The tree (kidney) is a 3D illustration of the medical environmental concept.

Dr. SikderPassing a kidney stone is believed to be one of the most painful experiences a person can have. It’s also pretty common, particularly in the Stone Belt of the United States, with more than one in 10 people developing a kidney stone over the course of their life.

The bad news is people who pass one stone have a greater chance of developing another. But there is some good news – you can take actions to prevent developing or having recurring kidney stones.

“Nobody wants to go through that pain again,” said Dr. Mohammed Sikder, nephrologist, Tucson Medical Center. “Fortunately, there are lifestyle changes you can make to prevent kidney stones from developing. Without making these changes, stones can, and probably will, come back.”

Drink lots of water

This is especially important if you sweat a lot, whether from exercise or from heat. That’s because the more you sweat the less you urinate, which allows for stone-causing minerals to precipitate and settle in the kidneys and urinary tract.

“For those with a history of kidney stones, doctors usually recommend drinking enough fluids to pass more than two liters of urine a day,” Dr. Sikder said. “Since it gets so hot here during the summer, you may need to drink even more water, approximately 64 ounces a day. If your urine is light and clear, you’re probably drinking enough water.”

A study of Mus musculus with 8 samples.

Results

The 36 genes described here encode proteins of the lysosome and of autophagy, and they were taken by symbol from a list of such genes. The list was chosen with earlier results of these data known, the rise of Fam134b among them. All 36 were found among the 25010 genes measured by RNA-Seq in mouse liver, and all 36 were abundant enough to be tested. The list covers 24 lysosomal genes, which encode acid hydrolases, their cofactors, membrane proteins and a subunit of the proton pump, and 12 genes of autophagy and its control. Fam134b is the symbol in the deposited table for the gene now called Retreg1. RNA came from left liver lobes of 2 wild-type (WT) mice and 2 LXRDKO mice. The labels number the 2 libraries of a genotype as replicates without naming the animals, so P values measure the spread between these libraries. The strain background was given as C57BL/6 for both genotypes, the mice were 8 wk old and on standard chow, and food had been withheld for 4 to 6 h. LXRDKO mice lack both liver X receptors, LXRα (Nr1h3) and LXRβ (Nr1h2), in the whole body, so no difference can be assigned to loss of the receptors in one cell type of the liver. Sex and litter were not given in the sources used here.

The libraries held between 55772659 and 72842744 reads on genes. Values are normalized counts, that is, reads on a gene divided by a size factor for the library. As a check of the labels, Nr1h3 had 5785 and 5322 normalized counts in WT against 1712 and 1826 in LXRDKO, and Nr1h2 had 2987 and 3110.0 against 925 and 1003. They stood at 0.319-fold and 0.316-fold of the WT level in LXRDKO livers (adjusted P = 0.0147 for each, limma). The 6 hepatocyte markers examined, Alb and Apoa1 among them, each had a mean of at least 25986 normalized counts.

Eat fewer oxalate-rich foods

Oxalate is a natural substance found in many foods that your body uses for energy and nutrition. Once your body uses what it needs, waste products travel through the bloodstream to the kidneys and are removed through urine. When there is too much waste and not enough liquid in the urine, crystals form that can stick together and form kidney stones.

If you tend to form calcium oxalate stones, your doctor may recommend eating less foods rich in oxalates such as rhubarb, beets, okra, spinach, Swiss chard, sweet potatoes, nuts, tea, chocolate, black pepper and soy products.

Reduce sodium and animal protein

Don’t eat as much salt. Try a salt substitute such as Mrs. Dash instead. Also, increase plant-based protein in your diet. Red meat, organ meats and shellfish can lead to a higher concentration of uric acid in your body, making it easier for uric acid stones to form.

Eat calcium-rich foods, but be careful about calcium supplements

Calcium found in foods does not increase your risk of developing kidney stones. However, calcium supplements have been linked to kidney stones. Ask your doctor for a referral to a dietitian who can help you develop an eating plan that helps reduce your risk of kidney stones.

Take medications as prescribed

Some medications can control the amount of minerals and salts in the urine and may be helpful to people who form certain kinds of stones by making them more soluble in the urine. It is important to take medications as prescribed by your doctor.